Here are our Regional Team’s writing process tips:

Sally Jones Rogan, Co-Regional Advisor

1. Record yourself reading your manuscript. It’s the next best thing to having someone else read it back to you.

2. If you do not yet have an agent, make sure to research before submitting a query. Find that certain look and feel of each publisher/agent’s list and mention why you think your project would be a good fit for them.

Nutschell Anne Windsor, Co-Regional Advisor

1. A tip for self-accountability if you’d like to become more consistent with setting a writing schedule: use a calendar and cross out (with a big colored marker) the days when you actually write. I’ve done this myself and seeing all the big “x’s” on my calendar is very motivating and helps keep me from missing writing days.

2. Be sure to read widely in the genre you wish to write in. You’ll find yourself inspired and you’ll get an idea of what’s already been done. 

Lisze Bechtold, Illustrator Coordinator

1. Have the computer read your manuscript to you. It won’t skip over an extra “the” or fill in missing words like your eye will when reading aloud. (Still read aloud, though, for rhythm.) Listening to an impartial voice also allows you to hear the meaning of what you’ve written.

2. Choose descriptive words that also convey the mood of the scene, and/or the feelings of the main character.

Kim Wildman, Assistant Regional Advisor

1. Raise your monitor or laptop to eye level with books or a stand/wireless keyboard set up.  Those long hours in front of the screen take a toll on your neck and shoulders. Stretch regularly and sit up straight and you won’t lose writing/illustrating time due to pain.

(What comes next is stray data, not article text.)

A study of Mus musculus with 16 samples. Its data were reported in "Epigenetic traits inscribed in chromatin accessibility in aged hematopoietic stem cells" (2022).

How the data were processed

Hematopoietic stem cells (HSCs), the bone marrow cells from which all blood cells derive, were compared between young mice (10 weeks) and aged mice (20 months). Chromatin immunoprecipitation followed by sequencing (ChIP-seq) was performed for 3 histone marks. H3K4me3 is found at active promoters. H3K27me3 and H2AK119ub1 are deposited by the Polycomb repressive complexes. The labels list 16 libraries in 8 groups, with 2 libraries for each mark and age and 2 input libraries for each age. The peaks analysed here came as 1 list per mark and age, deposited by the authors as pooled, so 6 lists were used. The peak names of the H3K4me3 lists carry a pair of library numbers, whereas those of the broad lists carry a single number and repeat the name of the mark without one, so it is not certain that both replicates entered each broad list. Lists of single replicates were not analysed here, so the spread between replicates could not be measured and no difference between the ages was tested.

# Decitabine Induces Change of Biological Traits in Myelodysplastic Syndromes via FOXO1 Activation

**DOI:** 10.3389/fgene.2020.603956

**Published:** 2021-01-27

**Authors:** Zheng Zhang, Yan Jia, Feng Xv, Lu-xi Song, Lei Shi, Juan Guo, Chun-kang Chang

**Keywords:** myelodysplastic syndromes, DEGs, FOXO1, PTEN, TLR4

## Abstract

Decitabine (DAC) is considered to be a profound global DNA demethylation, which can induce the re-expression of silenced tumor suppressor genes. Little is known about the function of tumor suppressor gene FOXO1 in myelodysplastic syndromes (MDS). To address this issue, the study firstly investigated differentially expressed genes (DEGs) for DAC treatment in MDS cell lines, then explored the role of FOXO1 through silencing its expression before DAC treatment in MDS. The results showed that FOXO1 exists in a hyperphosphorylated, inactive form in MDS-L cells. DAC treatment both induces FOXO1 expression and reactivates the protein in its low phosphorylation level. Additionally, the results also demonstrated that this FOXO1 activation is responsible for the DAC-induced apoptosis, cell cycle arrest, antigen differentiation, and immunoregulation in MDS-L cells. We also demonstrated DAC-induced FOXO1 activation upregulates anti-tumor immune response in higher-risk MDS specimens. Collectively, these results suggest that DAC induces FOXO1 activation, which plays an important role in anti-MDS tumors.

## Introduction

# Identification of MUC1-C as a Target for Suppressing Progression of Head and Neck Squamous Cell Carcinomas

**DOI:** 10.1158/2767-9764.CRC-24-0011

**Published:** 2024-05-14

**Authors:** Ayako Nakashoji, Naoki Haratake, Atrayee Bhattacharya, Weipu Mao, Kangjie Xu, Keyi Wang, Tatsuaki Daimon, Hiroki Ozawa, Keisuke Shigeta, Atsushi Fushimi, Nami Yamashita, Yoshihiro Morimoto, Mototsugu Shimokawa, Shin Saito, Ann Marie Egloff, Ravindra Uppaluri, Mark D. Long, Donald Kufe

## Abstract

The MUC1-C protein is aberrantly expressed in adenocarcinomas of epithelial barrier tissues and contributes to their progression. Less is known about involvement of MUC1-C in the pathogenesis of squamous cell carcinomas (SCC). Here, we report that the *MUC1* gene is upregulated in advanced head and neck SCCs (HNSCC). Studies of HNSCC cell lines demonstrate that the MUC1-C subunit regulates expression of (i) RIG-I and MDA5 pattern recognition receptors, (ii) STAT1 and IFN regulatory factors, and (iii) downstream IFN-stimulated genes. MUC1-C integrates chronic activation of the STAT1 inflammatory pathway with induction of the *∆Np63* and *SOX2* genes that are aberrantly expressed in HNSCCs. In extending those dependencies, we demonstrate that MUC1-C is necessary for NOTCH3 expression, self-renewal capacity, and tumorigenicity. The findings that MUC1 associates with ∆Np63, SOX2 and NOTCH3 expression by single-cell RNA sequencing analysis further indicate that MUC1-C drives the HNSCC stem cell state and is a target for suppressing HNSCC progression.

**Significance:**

2. Stay on track: keep an empty pad of paper or 3×5 inch notebook next to your computer during your writing time for your List of Distractions. Then, when your mind starts to wander during your writing, take one second to jot that one word distraction down, assuring yourself you will get to it later. (Helps if you also turn off your Wi-Fi so you can’t go off searching right now).

If you have any tips that you’re looking to try out this year or tips that are tried and true, please share them in the comments below!

For more fantastic content, community, events, and other professional development opportunities, become a member of the Society of Children’s Book Writers & Illustrators today! Not sure if there is a chapter in your area? Check here.

Farrha Khan is the Managing Editor of Kite Tales, a Los Angeles Society of Children’s Book Writers & Illustrators board member, and a writer in the nonprofit industry. When she’s not advocating for better representation, diversity, and inclusion in the arts and entertainment, media, and tech industries, or championing everyone to tell their own stories, she writes YA and short stories. Connect with her on Twitter: @farrhak.


Stock images by Nick Morrison on Unsplash.